Friday, August 12, 2011
Your HBA of Greenville honored its 2010 Partners yesterday at a luncheon at Hubbell Lighting. Partners help make the association's programs and events possible. We call them Partners because they are more than just sponsors, our Partners work with your HBA to support our programs financially and the association works with our Partners to promote their businesses and their products and services.
- Greenville News
- Gallivan White & Boyd
- Piedmont Natural Gas
- The Original Gutter Guardian
- Meridian Homes
- Harold Moore Builder
- First Choice Custom Homes
- Priority One Security
- Builders First Source
- New Home Star
- Homes & Land of the Upstate
- Gateway Supply Company
- Hardie Plank
- Addison Homes
- Jeff Lynch Appliance
- J. Freeman and Associates
- Dillard-Jones Builders
- Freewood Builders
- All-Dry Basement Systems
- Palmetto Exterminators, Inc.
- Donald Gardner Architects, Inc.
- Hollison Custom Homes
- Home Team Pest Defense
- Greater Greenville Association of REALTORS®
- Homeowners Mortgage
- Capital Bank
- Clark's Services
- Yoder’s Building Supply
- Tucker Materials
- GBS Building Supply
- The Great Outdoors, Inc.
- Advanced Renovations
- Ashmore Brothers
- Gabriel Builders, Inc.
- Sadler Company, Inc., of Greenville
Thursday, August 11, 2011
Wednesday, August 10, 2011
If the goal is saving lives and not selling sprinklers, the question to answer is “What’s the best way to save the largest number of lives in the most cost-effective manner?” We already know the answer to that question. Working smoke alarms are the most practical, cost-effective method of preventing home fire fatalities.
A 2008 study by the National Fire Protection Association found, “The chances of surviving a reported home fire when working smoke alarms are present are 99.45%.”
That doesn’t mean people don’t die in home fires. Over the seven-year period of 2000-2006, Michigan averaged 109 fatal residential fires a year in its 4.5 million residences. Ninety-three percent of all those fatal fires occurred in residences without working smoke alarms.
Those who want to force homeowners to install fire sprinklers say, “If those homes had both working smoke alarms and sprinklers even more lives would have been saved.” Now the question is how many, and at what cost?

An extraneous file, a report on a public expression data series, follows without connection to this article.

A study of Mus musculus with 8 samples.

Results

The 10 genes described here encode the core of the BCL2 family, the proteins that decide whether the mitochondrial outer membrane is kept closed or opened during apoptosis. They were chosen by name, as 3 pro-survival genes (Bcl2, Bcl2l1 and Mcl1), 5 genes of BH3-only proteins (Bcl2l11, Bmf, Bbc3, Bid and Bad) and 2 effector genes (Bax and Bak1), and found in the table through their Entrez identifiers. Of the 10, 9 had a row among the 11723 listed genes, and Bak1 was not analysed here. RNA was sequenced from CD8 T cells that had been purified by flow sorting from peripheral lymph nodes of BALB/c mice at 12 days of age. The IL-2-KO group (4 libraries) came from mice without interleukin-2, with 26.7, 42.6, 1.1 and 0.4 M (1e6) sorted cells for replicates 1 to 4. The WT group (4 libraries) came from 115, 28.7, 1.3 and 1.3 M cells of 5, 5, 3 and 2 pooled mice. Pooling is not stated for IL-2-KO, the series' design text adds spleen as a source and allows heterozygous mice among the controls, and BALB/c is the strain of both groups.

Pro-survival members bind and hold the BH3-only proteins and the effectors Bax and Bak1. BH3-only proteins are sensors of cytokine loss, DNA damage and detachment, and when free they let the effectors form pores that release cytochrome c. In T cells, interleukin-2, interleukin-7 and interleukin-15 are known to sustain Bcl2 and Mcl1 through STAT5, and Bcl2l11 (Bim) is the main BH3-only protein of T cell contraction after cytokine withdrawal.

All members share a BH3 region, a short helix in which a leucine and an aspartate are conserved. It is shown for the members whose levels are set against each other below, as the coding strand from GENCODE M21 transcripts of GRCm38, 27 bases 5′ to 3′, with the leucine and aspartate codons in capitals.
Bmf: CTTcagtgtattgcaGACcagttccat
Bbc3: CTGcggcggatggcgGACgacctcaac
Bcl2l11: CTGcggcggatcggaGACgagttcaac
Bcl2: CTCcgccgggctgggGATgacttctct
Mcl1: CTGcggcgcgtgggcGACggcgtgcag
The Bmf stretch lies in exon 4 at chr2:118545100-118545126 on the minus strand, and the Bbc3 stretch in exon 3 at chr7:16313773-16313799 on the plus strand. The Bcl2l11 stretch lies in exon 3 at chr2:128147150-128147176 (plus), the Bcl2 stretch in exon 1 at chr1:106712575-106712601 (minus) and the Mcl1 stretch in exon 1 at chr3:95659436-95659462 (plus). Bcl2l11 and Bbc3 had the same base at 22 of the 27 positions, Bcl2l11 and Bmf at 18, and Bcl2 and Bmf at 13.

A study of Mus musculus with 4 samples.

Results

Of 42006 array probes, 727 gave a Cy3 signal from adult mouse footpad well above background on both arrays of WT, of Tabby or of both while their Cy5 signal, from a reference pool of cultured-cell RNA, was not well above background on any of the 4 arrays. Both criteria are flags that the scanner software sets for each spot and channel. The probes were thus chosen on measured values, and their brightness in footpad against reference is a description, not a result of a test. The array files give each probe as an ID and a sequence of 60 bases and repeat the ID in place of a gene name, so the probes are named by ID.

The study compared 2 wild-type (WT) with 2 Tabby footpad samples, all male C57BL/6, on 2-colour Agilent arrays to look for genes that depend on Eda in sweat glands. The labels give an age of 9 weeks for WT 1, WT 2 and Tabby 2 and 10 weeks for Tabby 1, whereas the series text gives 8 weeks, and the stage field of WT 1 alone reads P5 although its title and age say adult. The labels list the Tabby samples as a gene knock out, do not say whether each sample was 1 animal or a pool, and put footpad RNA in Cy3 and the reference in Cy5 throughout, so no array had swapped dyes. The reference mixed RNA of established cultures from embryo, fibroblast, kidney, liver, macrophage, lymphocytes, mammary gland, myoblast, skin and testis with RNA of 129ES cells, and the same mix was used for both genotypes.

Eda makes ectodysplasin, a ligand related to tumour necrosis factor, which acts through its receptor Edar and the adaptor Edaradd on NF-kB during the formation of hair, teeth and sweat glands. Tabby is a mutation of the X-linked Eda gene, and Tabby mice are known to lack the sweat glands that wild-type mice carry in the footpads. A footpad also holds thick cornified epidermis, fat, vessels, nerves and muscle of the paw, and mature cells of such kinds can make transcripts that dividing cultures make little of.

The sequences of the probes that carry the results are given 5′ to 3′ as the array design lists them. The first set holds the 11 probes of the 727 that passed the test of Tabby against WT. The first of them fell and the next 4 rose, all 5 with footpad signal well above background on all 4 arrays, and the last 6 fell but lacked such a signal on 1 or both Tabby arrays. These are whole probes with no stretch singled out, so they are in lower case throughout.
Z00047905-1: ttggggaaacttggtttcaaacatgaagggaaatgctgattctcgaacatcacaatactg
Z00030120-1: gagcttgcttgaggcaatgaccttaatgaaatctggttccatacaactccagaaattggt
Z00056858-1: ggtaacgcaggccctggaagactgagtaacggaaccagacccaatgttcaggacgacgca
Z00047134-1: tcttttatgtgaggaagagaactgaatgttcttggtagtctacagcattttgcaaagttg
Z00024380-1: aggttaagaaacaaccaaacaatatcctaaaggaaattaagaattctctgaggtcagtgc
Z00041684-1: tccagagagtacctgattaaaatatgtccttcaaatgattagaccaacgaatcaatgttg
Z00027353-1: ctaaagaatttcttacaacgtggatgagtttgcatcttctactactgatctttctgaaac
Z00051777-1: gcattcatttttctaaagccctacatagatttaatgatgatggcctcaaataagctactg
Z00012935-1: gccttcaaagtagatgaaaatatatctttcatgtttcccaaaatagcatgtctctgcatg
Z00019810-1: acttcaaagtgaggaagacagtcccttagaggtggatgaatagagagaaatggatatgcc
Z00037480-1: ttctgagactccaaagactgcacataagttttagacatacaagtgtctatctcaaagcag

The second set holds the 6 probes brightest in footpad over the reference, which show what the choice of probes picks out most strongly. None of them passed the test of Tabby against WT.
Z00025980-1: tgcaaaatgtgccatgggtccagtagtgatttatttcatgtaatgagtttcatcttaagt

Johns Hopkins University found 75 percent of residential fire deaths could have been prevented by smoke alarms. The Home Fire Sprinkler Coalition says installing both smoke alarms and a fire sprinkler system reduces the risk of death in a home by fire by 82 percent, relative to having neither.
If smoke alarms can reduce residential fire deaths by 75 percent and if having both smoke alarms and a fire sprinkler system can reduce residential fire death by 82 percent over having neither, then mandatory fire sprinklers would only reduce deaths in homes with working smoke alarms by 7 percent.
Michigan averages 1.31 residential fire fatalities per 100,000 homes or 131 fatalities a year. Working smoke alarms could have saved 91 of those 131 lives. The benefit of mandated sprinklers could be the saving of an additional 8.5 lives. But at what cost?
During the seven-year period of 2000-2006, an average of 40,544 new homes were built each year in Michigan. At an average price of $6,000 per home to add fire sprinklers to homes that already have smoke alarms, the price of housing in Michigan would rise by $243,264,000 each year.
Taking away a homebuyer’s choice of how to spend more than $243 million of their money as the sprinkler mandate does, means they lose the ability to use that money in other ways they have decided would better increase the quality of life for themselves and their families. Mandatory sprinklers take away their choice to use that money for a newer, safer home, improved medical care, better insurance, a safer and more fuel-efficient car, education expenses, retirement accounts, or charitable giving.
Every fire death is a tragedy. The solution to reducing these deaths isn’t mandating expensive sprinkler systems. The solution is to make sure every home has working smoke alarms.
Tuesday, August 9, 2011
Monday, August 8, 2011
- U.S. Income $2,170,000,000,000
- Federal Budget $3,820,000,000,000
- New debt $1,650,000,000,000
- national debt $14,271,000,000,000
- recent budget cut $38,500,000,000 (About 1% of the budget.)
- Total Annual Income $21,700
- Jones Family spending $38,200
- New debt added $16,500
- Current total debt owed $142,710
- Amount cut from budge $385
The Greenville-based homebuilder won a first-place Safety Award for Excellence from the National Association of Home Builders and Builders Mutual Insurance Company. Presented in the Single Family Builder Safety Program of the Year category, this top honor recognizes Addison Homes for its comprehensive efforts designed to ensure an accident-free work environment for employees, trade partners and vendors.
Addison Homes advances safety in the homebuilding industry in a number of ways. The company has established clearly-defined procedures for its office as well as worksites and provides ongoing safety training for all employees. An on-site supervisor monitors compliance of both company and OSHA guidelines at every jobsite. A commitment to research keeps Addison Homes current on the latest developments related to construction safety.
“We strive, every day and on every job, to maintain a safe, healthy work environment,” says Todd Usher, president of Addison Homes. “Our company invests significant resources to provide for the well-being of our employees, partners and clients.”
Usher notes there’s never been an incidence of “serious” physical injury on an Addison worksite. “This record is a testament to the success of our company’s safety program,” he says.
The NAHB/Builders Mutual Insurance Company SAFE Awards are presented annually to builders and trade contractors whose high-quality safety programs make them leaders in the residential construction industry.